Both schizophrenia and bipolar disorder are associated with neurocognitive deficits—including intelligence, processing speed, memory, attention, and executive function—that precede the onset of illness. Children of parents with schizophrenia or bipolar disorder are themselves at increased risk of severe mental illness, and therefore are an important population to study the pathogenesis of these disorders.
Previous studies have found neurocognitive deficits in infancy of children of patients with schizophrenia,1 but the evidence is not robust for children of patients with bipolar disorder. Neurocognition is considered an endophenotype (ie, vulnerability marker) for both schizophrenia and bipolar disorder. The study of children at familial high risk (FHR) for severe mental illness affords an opportunity to investigate the pathophysiology and developmental trajectory of these groups, toward potential early intervention to reduce the risk of transition to schizophrenia and bipolar disorder.
Hemager and colleagues2 characterized the neurocognitive functions of 7-year-old children at FHR for schizophrenia or bipolar disorder. They hypothesized that both groups would have impairments compared to controls, and that FHR schizophrenia children would have more pronounced impairments than FHR bipolar children.
The Danish High Risk and Resilience Study VIA7 is a population-based cohort of children age 7 with at least one parent diagnosed with a schizophrenia-spectrum psychotic disorder. Data collection for the VIA7 study took place between 2013 and 2016. A total of 410 out of 1073 eligible children with FHR schizophrenia, and 214 of 774 eligible children with FHR bipolar disorder were contacted. Dropout rates were < 2%. A population-based control group was matched to the FHR groups based on age, sex, and municipality.
The children were assessed by trained psychologists, physicians, and nurses, blinded to familial risk status. The authors used the Children’s Global Assessment Scale (CGAS) to assess level of functioning, the Child Behavior Checklist (CBCL) to assess problem behavior, and a neuropsychological test battery of 23 tests. Neurocognitive test scores were standardized into z-scores using the control means and standard deviations as a reference. The three subject groups were compared on neurocognitive function using multivariate analysis of variance, and effect size estimates were calculated using Cohen’s d. The authors also used principal component analysis and a confirmatory factor analysis to reduce the number of neurocognitive variables.
The study population consisted of 514 children age 7 (54% male), including 197 with FHR schizophrenia and 118 with FHR bipolar disorder. Subject groups did not differ significantly based on age or sex. FHR schizophrenia and bipolar disorder children had significantly more problem behavior and lower function than controls. However, FHR bipolar disorder children had significantly higher function than FHR schizophrenia children. FHR schizophrenia children had significantly poorer performance on 14 of 23 neurocognitive functions compared to controls, and 8 of 23 neurocognitive functions compared with FHR bipolar disorder, with small-to-medium effect sizes. These group effects remained significant after controlling for intelligence. By contrast, children with FHR bipolar disorder and controls did not differ based on any neurocognitive functions. Fifteen of 23 neurocognitive functions were significantly correlated with CBCL scores, but this explained a low proportion of the variance of this association (1% to 4%). Principal component analysis identified 4 neurocognitive factors that distinguished subject groups: 1) processing speed and working memory, 2) verbal function, 3) executive and visuospatial function, and 4) declarative memory and attention.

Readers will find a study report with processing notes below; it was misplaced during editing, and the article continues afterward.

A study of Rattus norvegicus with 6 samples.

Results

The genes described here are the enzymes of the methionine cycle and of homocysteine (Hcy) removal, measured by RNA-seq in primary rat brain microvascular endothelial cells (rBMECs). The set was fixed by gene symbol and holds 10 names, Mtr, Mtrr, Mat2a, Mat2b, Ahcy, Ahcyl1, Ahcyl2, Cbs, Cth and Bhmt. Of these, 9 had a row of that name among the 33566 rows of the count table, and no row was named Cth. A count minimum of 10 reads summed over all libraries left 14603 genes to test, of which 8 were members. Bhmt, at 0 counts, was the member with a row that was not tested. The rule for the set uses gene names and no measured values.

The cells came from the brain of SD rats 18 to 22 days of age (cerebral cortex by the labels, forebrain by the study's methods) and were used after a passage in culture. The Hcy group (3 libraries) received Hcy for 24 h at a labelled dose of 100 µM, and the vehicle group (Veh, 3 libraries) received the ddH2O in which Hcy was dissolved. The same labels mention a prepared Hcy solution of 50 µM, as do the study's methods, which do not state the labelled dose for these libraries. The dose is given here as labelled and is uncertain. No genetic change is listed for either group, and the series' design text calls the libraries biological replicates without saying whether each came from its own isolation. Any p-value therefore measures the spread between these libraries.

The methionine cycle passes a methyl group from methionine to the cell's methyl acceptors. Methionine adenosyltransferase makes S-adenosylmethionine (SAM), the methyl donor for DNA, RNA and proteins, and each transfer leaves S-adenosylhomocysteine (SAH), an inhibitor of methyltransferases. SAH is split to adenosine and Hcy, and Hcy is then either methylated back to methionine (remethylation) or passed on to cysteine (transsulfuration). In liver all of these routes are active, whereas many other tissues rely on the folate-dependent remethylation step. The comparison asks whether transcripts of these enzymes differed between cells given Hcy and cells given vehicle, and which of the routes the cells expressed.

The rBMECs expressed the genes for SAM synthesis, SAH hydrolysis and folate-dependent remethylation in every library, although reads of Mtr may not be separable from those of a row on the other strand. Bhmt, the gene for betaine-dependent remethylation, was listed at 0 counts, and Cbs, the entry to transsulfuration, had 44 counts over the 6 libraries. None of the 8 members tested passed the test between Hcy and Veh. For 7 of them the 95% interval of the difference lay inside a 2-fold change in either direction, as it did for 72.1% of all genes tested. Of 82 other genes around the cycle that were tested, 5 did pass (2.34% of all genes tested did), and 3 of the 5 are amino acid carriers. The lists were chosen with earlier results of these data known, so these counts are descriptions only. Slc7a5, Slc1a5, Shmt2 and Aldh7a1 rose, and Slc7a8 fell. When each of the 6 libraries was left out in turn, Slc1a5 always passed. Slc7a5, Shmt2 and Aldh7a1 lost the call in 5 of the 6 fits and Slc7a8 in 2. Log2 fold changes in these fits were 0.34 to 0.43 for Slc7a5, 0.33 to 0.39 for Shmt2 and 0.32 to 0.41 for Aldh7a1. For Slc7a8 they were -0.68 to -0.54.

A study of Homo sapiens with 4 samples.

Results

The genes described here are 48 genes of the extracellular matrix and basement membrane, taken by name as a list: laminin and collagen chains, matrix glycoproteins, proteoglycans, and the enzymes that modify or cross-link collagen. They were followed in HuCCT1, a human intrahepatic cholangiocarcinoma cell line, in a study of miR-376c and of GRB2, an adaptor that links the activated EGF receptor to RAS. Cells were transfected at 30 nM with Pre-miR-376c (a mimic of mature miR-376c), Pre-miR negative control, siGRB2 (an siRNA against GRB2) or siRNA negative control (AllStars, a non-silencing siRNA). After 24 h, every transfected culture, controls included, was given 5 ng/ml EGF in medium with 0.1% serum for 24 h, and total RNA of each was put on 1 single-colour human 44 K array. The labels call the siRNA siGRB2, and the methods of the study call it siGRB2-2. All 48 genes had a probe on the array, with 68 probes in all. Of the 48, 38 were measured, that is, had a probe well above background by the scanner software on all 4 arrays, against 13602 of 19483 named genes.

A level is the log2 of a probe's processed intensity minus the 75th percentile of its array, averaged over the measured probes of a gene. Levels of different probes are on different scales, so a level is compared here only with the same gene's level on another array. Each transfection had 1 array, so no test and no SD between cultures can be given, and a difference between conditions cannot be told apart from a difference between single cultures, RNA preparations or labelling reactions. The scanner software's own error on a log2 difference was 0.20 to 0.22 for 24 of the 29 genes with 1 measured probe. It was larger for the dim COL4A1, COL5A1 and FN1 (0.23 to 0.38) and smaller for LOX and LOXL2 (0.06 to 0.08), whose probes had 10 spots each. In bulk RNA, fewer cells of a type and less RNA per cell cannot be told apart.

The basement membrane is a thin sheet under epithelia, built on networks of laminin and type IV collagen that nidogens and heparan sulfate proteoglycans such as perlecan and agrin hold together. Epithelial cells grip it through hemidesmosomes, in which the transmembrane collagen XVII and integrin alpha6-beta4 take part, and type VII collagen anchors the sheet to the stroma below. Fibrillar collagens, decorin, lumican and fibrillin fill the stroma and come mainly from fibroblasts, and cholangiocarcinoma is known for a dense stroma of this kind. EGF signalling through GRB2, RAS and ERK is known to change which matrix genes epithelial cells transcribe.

The authors demonstrated widespread neurocognitive impairments in 7-year-old children with FHR schizophrenia in the domains of processing speed and working memory, executive and visuospatial functions, and declarative memory and attention. By contrast, children with FHR bipolar disorder did not show neurocognitive impairments compared to controls.
Findings suggest distinct pathophysiology and trajectory of these two groups, with more pronounced neurodevelopmental pathology in FHR schizophrenia children. An important strength of the study was the age homogeneity of subjects. The authors note that heterogeneity within FHR must be considered, and that these neurocognitive profiles may not be representative of children who develop sporadic severe mental illness. The authors will perform longitudinal neurocognitive assessments in these children to investigate whether these developmental trajectories are static or dynamic.
The bottom line
Neurocognitive impairments are widespread in 7-year-old children with FHR schizophrenia, supporting the notion of neurocognition as an endophenotype for schizophrenia and a target for intervention
1. Hameed MA, Lewis AJ. Offspring of parents with schizophrenia: a systematic review of developmental features across childhood. Harv Rev Psychiatry. 2016;24:104-117.
2. Hemager N, Plessen KJ, Thorup A, et al. Assessment of Neurocognitive Functions in 7-Year-Old Children at Familial High Risk for Schizophrenia or Bipolar Disorder: The Danish High Risk and Resilience Study VIA 7. JAMA Psychiatry 2018;75:844-852.